Investment companies, retail establishments, and even museums all want customer feedback to know what’s working and what isn’t. To get that information, they offer survey questions. Then they have to figure out how to motivate the customers to take the time, which can range from 5 to 25 minutes, to answer those questions.
Usually an outright bribe will work, but only if your marketing department knows what it’s doing.
Big brand survey bribes are everywhere…
I’ve seen a variety of bribes offered for surveys. Vanguard offered a $25 Amazon gift card for completing its rather extended survey. The Museum of Natural History has offered free tickets for a future visit for its brief survey. Gap and its affiliates generally offer a 20% off code for filling out online surveys with instructions on a sales receipt. CVS often asks for feedback with the lure of the possibility of winning $1,000, and Home Depot offers the chance to win rather than an outright prize.
OfficeMax Triple Fail
Most recently, I succumbed to the offer I saw printed on the Office Max receipt issued on August 16th. It said:
“Tell us about your next shopping experience and get $5 off your next $25 purchase.”
(I’ve included a picture of the receipt so you can see that I am not removing any * or fine print associated with that offer, and so you can also see what does follow it. Click on the image for a bigger version.)
I answered all the questions and even typed in a number of sentences explaining exactly what was less than satisfactory during my shopping experience. Upon completion of the survey, I was told that the coupon would be emailed to me after 24 hours. Fine, I waited. I waited another day, and then another. I never saw what I was expecting to see, so I called Office Max and got the helpful rep to email it out again.
That’s when I realized I had actually received the email, but I didn’t recognize it as the “prize” because it didn’t say something like “Here’s your $5 off coupon.” Instead it said: “➡ Open Me for a $30 Coupon.” Sounds very generic and almost spam-like, doesn’t it? That subject made it sound like a totally different promotion. In fact, it did include the $5 off coupon, as well, though you’d never know it from the subject line. That was fail #1 in this marketing round.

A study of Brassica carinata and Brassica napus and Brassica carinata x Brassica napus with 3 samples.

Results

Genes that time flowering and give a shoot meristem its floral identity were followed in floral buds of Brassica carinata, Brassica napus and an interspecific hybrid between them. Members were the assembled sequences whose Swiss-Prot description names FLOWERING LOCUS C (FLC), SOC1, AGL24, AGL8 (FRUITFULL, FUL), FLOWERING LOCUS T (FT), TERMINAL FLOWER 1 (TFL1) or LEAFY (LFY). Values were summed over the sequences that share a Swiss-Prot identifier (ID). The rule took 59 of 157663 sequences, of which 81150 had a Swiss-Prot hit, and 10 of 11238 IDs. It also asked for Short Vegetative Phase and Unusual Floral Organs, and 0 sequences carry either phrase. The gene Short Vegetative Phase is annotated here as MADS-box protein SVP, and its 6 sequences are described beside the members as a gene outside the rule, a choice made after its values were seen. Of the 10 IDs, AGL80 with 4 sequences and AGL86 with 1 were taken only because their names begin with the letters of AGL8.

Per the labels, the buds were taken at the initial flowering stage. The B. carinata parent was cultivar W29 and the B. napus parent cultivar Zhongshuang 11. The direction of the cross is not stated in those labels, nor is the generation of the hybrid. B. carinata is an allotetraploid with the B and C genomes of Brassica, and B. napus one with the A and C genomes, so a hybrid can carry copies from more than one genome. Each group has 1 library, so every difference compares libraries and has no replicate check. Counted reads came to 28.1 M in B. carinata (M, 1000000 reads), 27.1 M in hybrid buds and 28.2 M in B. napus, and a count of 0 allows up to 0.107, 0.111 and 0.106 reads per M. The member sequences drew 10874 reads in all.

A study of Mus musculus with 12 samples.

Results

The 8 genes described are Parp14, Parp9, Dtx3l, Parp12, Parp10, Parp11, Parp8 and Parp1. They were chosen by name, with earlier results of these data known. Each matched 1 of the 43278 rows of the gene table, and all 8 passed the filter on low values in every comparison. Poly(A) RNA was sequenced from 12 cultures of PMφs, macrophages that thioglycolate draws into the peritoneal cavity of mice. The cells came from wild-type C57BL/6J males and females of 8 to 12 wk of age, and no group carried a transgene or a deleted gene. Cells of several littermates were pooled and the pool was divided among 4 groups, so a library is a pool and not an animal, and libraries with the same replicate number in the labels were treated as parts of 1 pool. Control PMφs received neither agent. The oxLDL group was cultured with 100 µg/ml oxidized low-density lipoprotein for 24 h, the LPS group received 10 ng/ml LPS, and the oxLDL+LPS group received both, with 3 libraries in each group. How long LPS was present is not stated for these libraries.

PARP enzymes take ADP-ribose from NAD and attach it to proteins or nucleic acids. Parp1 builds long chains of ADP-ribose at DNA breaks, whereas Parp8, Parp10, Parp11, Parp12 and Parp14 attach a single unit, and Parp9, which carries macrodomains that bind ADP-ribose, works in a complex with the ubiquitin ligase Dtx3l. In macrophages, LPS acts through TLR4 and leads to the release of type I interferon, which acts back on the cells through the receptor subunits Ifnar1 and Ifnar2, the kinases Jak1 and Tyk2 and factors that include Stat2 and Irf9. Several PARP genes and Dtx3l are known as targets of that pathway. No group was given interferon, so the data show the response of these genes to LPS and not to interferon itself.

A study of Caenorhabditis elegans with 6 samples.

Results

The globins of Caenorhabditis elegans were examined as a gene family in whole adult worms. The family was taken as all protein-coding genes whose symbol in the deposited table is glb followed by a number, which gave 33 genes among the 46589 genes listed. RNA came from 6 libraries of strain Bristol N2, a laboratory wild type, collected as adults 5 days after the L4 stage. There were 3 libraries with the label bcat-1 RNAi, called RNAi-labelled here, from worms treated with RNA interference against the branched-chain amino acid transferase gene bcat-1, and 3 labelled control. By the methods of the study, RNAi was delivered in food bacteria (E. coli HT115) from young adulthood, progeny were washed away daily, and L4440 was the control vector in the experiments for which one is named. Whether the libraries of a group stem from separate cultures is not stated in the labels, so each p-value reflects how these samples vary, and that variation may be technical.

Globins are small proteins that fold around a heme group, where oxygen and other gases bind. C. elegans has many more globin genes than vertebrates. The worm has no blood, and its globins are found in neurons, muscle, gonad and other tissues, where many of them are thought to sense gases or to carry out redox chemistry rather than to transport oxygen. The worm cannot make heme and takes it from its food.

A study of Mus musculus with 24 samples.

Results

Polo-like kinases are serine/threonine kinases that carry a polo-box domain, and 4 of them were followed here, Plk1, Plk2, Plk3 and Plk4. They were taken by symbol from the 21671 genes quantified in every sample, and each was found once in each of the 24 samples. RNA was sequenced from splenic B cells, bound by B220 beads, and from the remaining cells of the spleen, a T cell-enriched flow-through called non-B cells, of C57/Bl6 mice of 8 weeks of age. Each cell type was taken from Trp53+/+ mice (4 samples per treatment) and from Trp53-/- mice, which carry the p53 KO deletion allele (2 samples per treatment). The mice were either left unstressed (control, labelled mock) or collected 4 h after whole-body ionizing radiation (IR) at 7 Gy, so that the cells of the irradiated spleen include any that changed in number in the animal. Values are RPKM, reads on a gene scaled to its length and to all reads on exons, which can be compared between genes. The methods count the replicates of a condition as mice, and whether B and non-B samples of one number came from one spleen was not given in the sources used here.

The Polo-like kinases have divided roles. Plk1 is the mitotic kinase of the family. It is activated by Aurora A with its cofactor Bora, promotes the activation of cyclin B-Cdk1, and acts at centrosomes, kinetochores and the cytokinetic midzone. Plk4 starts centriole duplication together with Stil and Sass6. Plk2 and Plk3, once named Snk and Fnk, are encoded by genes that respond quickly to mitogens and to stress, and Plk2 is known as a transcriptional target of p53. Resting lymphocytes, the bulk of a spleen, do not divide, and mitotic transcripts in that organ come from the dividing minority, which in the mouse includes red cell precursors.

Fail #2 was the coupon itself, which I’ve included here. Remember how the offer was worded? It simply said “$5 off your next $25 purchase.” That indicates that the only restriction is a minimum purchase. The coupon itself, though, comes loaded with restrictions, from the short window in which the coupon is valid through the numerous items toward which it cannot be applied.
While Office Max is within its rights to restrict the use of the coupon, it is not within its rights to misrepresent it as unrestricted when luring the customers to spend their time on the survey. It’s only then that they reveal the fine print, after the customers have done their part of the bargain in good faith.
While the monetary value may still be the same, the delayed revelation of restrictions does still make this appear to be a bait-and-switch. Misleading promotions have no place in a business that prides itself on its integrity. And this bring us to fail #3: the juxtaposition of the survey offer and Office Max’s boast about living “great values.”
In, OfficeMax Named Among World’s Most Ethical Companies, Ravi Saligram, the company’s President and CEO declares,
“At OfficeMax, one of our most absolute values is integrity. It is the backbone of our relationships and the basis on which we make business decisions.”
Well, the triple fail on this promotion indicates that backbone seriously needs to straighten out.
Note: before writing this, I called Office Max to let them know that I found the offer misleading. The phone rep dutifully took down what I told her, but she was not empowered to do anything other than assure me that she would pass it on to the marketing department. I wonder if they will appreciate the fact that I tried to impress on her: the best way to lose customer loyalty is to make someone feel duped.
Guest post by Ariella Brown
Ariella Brown writes on marketing, analytics, technology, the internet, and social media, among other things. She holds a PhD in English. Links to post appear at WriteWayProductions. She welcomes connections on LinkedIn and conversations at Google+.